US Pharm. 2015;40(5):HS-32-HS-33.
In a pilot study that included children at high risk for type 1 diabetes, daily high-dose oral insulin, compared with placebo, resulted in an immune response to insulin without hypoglycemia. These results support the need for a phase 3 trial to determine whether oral insulin can prevent islet autoimmunity and diabetes in high-risk children, according to a study in the April 21 issue of JAMA, a theme issue on child health.
Frequently, a few specific proteins trigger immune responses that cause autoimmune diseases. This has led to the experimental use of antigen--specific therapies (using a substance to initiate an immune response) to prevent, stabilize, or reverse immune-related diseases, such as allergies and multiple sclerosis. Type 1 diabetes is an autoimmune disease that can be detected in asymptomatic individuals by the presence of islet autoantibodies that develop in children. Antigen-specific therapy using insulin before the development of autoantibodies may induce protective immune responses that prevent the emergence of autoimmunity and subsequent type 1 diabetes in genetically at-risk children, according to background information in the article.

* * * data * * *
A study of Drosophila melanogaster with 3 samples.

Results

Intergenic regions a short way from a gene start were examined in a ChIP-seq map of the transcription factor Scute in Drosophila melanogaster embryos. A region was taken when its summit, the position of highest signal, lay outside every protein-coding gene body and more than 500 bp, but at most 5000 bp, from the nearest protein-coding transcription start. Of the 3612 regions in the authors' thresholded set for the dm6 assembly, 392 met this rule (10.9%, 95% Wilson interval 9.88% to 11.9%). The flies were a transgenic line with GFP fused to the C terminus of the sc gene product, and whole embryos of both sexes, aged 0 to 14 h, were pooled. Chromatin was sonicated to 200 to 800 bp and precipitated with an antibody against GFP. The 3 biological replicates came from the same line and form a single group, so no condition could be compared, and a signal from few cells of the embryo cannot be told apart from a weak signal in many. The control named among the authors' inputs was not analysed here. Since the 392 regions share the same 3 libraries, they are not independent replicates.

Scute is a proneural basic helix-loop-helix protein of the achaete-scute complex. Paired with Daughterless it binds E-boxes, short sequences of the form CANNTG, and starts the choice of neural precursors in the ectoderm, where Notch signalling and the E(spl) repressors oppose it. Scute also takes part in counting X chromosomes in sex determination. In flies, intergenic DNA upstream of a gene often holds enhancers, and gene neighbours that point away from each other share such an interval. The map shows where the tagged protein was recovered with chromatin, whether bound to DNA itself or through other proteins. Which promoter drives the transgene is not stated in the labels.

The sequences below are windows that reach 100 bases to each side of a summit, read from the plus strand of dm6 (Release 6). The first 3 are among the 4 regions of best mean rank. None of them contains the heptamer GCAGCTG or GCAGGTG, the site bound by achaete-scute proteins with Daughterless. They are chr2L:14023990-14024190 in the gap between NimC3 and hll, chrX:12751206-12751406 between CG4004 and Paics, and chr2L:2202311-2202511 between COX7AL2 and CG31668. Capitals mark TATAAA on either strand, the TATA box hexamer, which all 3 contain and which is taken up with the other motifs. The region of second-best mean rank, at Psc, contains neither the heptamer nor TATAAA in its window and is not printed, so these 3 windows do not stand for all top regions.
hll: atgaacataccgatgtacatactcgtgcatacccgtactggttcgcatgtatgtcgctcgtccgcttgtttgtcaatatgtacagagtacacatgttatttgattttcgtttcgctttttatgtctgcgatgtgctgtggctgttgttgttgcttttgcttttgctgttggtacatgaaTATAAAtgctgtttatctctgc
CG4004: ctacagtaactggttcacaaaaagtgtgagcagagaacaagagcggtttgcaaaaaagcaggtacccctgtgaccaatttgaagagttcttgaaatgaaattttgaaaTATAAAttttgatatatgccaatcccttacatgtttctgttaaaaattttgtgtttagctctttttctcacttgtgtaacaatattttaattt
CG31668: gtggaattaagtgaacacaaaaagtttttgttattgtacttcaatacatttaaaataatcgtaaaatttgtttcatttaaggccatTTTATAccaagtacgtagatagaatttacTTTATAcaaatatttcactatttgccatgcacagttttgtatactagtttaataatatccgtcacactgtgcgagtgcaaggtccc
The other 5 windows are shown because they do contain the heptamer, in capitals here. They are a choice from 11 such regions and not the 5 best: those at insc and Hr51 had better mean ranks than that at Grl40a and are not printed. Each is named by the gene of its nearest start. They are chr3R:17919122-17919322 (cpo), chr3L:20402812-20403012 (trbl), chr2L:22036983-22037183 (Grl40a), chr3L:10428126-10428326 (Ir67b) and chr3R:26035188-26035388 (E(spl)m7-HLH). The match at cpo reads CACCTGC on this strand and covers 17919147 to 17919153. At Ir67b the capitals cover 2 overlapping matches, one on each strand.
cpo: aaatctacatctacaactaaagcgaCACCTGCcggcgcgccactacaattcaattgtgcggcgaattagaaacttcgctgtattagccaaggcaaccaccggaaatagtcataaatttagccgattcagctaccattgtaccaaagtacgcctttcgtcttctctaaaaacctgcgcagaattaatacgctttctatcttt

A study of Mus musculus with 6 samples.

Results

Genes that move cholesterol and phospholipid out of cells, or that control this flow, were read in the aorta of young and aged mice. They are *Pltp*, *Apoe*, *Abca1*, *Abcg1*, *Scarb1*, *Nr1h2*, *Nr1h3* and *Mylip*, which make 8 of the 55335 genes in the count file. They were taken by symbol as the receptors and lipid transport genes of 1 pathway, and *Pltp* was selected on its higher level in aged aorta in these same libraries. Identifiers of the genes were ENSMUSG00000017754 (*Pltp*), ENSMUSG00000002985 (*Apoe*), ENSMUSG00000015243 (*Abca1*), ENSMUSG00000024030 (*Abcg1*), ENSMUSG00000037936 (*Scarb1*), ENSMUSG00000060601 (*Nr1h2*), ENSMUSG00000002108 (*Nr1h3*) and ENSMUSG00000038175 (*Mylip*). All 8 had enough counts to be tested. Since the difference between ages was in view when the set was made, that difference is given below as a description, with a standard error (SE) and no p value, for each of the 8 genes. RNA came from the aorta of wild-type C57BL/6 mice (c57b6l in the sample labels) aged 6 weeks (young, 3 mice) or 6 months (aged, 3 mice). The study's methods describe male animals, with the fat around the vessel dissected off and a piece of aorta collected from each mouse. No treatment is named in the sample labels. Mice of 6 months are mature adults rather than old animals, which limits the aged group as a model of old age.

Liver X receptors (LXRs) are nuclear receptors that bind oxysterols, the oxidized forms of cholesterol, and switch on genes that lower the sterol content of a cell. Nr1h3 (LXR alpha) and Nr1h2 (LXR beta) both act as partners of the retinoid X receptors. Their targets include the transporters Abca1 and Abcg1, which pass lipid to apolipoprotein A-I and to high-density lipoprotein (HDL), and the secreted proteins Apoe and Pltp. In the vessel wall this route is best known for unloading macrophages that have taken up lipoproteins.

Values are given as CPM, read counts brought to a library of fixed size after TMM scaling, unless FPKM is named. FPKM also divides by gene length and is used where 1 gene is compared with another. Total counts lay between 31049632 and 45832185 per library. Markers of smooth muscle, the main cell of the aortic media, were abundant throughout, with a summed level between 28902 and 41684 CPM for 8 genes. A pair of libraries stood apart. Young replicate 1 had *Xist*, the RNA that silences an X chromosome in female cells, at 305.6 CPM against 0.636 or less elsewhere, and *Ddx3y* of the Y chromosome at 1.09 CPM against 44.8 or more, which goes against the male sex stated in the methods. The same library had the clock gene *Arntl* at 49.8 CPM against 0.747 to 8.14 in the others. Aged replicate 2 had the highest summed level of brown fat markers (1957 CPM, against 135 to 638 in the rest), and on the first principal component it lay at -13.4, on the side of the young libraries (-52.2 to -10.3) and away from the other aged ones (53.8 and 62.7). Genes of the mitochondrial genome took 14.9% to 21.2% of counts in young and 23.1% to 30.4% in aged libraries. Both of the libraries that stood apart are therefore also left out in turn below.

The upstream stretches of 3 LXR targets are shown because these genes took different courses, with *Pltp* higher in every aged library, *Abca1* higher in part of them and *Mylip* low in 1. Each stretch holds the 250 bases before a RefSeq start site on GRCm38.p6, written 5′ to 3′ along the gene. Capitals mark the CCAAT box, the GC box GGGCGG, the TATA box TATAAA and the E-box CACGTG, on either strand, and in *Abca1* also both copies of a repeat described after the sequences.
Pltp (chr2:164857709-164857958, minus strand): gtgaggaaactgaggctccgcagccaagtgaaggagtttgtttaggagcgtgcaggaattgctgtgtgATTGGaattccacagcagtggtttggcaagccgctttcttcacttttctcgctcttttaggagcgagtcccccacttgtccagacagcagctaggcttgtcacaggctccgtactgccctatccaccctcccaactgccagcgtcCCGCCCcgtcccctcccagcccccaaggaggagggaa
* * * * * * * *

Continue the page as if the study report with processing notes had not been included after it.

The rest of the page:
Ezio Bonifacio, PhD, of the DFG Center for Regenerative Therapies Dresden, Technische Universität Dresden, Germany, and colleagues randomly assigned autoantibody-negative, genetically at-risk children to receive oral insulin at varying doses (n = 15) or placebo (n = 10) once daily for 3 to 18 months to assess whether oral insulin can induce a potentially protective immune response without causing adverse effects. The Pre-POINT study was conducted between 2009 and 2013 in Germany, Austria, the U.S., and the United Kingdom and enrolled children aged 2 to 7 years with a family history of type 1 diabetes.
Immune responses to insulin were observed in 2 of 10 (20%) placebo-treated children, in 1 of 6 (16.7%) children treated with 2.5 mg of insulin, 1 of 6 (16.7%) treated with 7.5 mg, 2 of 6 (33.3%) treated with 22.5 mg, and 5 of 6 (83.3%) treated with 67.5 mg of insulin.
The incidence and type of adverse events did not differ between children who received placebo and children who received oral insulin, regardless of the insulin dose. Hypoglycemia was not observed at any of the tested doses.